03 Jun Is your Medical Practice Losing Money?
The general population typically makes assumptions about doctors, and one of those include speculation about their enormous salaries. When student loans, malpractice insurance, payroll, and a variety of other overhead costs are factored in the salary quickly begins to diminish. Even if money were no object for an entrepreneur, no one would ever want to purposefully become part of a failing or unprofitable business.
Sometimes business losses are expected and cannot be controlled. Other times, business losses are unexpected but still cannot be controlled. The role of any business owner, and that includes medical practitioners, is to minimize losses and maximize profits.
This general economic principle creates some strife with the psyche of practicing physicians, because it somehow feels wrong to consider providing a lifesaving medical treatment a routine business transaction. There is some separation between the two but they are ultimately related. This psychological impact is just one of the triggers that a medical practice could be forfeiting profits, but there are plenty of others.
Inexperienced Medical Professionals
With any new position, a certain training period, or learning curve, is expected. This is quite normal, and should be factored into the general cost of the position and production expectations. Whenever possible, a medical services provider should have experienced staff members overseeing the daily operations. This is vital for ensuring compliance and not creating unnecessary room for business losses.
The time it takes to train new employees on various software packages, billing systems, and other technical equipment or medical machinery is a realized cost for the business. If an organization has a high employee turnover rate, the estimated training budget is constantly being overdrawn. This phenomenon is not limited to administrative staff, but instead, it also applies to the even greater cost of training medical personnel on the particulars of a medical practice.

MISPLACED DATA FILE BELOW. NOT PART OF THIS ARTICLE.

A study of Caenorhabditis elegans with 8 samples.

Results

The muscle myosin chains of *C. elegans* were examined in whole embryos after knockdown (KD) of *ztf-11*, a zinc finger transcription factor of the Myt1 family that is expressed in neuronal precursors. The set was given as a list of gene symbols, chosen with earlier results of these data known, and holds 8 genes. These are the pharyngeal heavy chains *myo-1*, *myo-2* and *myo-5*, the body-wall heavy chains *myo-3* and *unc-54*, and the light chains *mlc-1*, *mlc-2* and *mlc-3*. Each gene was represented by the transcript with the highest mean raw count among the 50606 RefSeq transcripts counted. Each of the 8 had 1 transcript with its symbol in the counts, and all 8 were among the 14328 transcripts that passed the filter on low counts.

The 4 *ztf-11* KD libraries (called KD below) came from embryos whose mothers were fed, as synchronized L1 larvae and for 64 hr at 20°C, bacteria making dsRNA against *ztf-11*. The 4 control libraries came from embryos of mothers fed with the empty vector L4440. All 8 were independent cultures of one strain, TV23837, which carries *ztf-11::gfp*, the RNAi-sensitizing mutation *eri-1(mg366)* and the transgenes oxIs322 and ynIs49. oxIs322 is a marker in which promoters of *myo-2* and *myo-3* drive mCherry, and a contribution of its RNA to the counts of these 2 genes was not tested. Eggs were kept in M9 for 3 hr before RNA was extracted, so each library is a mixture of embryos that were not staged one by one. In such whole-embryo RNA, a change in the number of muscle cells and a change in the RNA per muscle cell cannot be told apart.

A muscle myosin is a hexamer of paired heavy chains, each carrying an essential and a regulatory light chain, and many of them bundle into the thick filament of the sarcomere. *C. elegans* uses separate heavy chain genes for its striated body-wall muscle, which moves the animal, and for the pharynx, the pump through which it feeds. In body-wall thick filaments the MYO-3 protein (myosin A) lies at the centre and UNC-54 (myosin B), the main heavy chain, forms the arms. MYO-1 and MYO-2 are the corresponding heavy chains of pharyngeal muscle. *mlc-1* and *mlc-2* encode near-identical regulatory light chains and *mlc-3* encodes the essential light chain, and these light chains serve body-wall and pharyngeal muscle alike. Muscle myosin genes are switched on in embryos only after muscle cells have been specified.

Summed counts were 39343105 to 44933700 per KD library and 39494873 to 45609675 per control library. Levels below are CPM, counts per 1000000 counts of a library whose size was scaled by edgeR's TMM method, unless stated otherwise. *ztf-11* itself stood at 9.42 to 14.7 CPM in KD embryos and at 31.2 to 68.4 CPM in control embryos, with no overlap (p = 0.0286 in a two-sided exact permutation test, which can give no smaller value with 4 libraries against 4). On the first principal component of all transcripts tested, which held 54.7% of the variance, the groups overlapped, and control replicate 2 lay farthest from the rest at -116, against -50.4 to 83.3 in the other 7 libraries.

This is just one reason it may make sense to outsource the practice billing to a top medical billing firm such as MPMR who has Certified Coders and Specialists to ensure a steady, maximized reimbursement stream.
Misfiled Claims and Billing Errors
By far the greatest loss aside from malpractice claims, for any medical service provider or practice is related to simple billing errors. These small issues are typically inadvertent keystroke errors, which result in unpaid invoices from insurance companies or patients. Whether it was a mistake or not does not change the fact that payment was not made. There are a few ways a medical practice can avoid losing money from misfiled claims.
Medical coding is a specific trade that can be learned and practiced but must also be refined periodically, as changes are made by governmental or insurance agencies. All medical billing and their backup administrative staff need to undergo regular training sessions to review new policies and procedures that will change common practices.
MPMR is one of the best medical billing companies for several reasons, one of which is the premier technology used in claim submission. The first pass acceptance rate is huge, and when not accepted the first time claims are quickly revised to resubmit asap. To minimize misfillings and errors, billing should be left up to medical billing specialists such as MPMR.
Undervalued Professional Services
A conundrum for many medical professionals and mental health workers in the practice of providing patient services is an understanding of the fair market value for their services. While these healthcare professionals are highly educated and are also probably well respected in their communities, they often have a difficult time equating their skills and talents into an hourly rate or a flat price per visit. This resistance stems from feelings of guilt about charging money to provide help or support to those in need.
Consider that most healthcare providers are quite compassionate individuals who decided to pursue their careers for the sole purpose of helping others. To then charge people for their services seems a bit too brash for some providers.
It helps to have a business manager or other administrative officer take over this end of the business. They will conduct research studies and compare the rates of other providers in the region who offer similar services. The executive officer will then balance those figures against the overhead costs of the medical practice and the overall patient load to calculate a reasonable fee per service.